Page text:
Photo by David Cogswell
Though the power to completely do away with sanctions against Cuba lies with the U.S. Congress, the Obama administration took another step towards normalizing relations with the Caribbean nation this week. The President used so-called executive powers to legalize specific forms of commerce between U.S. and Cuban companies that are not explicitly outlawed under the current laws.
These changes took effect on Jan. 27, and as written it appears they will make it easier for airlines to start doing business in Cuba.
The much-talked-about air travel agreement was one of the first steps that Washington and Havana took towards normalized relations. Even though the agreement has already been signed, there is a lot of uncertainty about how and when it will be implemented. Airlines are pushing forward with plans to bid for slots for flights into Havana and the nine other international airports on the island. However, as of now, these are still only plans; they have not been put into action.
Unfortunately, for U.S. carriers, there is no roadmap for when and how things will progress. No one knows what to expect going forward. American Airlines is poised to gain a large share of this new market, both because it operates a large number of charter flights to Cuba already and because its hub in Miami will see a lion’s share of the demand once flights finally start taking off. For the past six months, AA has said that it is ready to start scheduling flights right away.
READ MORE: US, Cuba, Reach Deal On Commercial Flights
Do Wednesday’s new rules do anything to move the process forward?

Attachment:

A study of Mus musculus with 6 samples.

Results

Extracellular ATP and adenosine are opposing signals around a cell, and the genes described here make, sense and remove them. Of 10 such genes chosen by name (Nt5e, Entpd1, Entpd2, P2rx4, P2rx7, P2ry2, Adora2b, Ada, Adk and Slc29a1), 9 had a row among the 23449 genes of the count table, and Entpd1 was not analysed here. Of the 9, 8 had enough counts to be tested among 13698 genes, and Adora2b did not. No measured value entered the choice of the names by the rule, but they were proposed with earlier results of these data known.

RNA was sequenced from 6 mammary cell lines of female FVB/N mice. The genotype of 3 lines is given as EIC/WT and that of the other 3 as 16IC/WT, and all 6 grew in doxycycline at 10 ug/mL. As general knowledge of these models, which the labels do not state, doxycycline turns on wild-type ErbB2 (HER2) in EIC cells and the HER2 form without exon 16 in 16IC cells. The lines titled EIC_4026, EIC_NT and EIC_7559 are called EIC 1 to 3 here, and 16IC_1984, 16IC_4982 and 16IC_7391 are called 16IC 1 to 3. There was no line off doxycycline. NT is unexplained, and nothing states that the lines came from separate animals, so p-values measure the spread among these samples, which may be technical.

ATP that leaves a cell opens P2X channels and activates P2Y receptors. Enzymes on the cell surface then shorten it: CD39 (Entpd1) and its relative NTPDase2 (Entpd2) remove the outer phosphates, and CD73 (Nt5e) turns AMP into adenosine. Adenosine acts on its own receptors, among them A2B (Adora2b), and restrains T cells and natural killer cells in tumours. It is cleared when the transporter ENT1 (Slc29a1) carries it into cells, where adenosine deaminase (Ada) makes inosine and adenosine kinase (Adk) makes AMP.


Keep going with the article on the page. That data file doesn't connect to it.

Obama’s newest executive moves do a couple of important things for U.S.-based airlines. First of all, they can now deal directly with Cuban airlines to lease space on the island. This means that American and its peers will be able to legally start negotiating directly with their Cuban counterparts. No one is quite sure how quickly this process will play out, so starting negotiations is an important step forward.
U.S. carriers will also be able to form code-sharing deals with Cuban airlines. Cuban carriers will want access to the U.S. as much as their counterparts from the States want access to Cuba (if not more). Forming alliances will help carriers in both countries maximize their profits.
The real windfall for airlines will come after Congress does away with the ban on regular tourism, which is still in place even though the new rules make it even easier for people who want to travel to Cuba to find a legal reason to do so. Everything that the airlines do now is building towards being in the best position possible if and when that finally happens.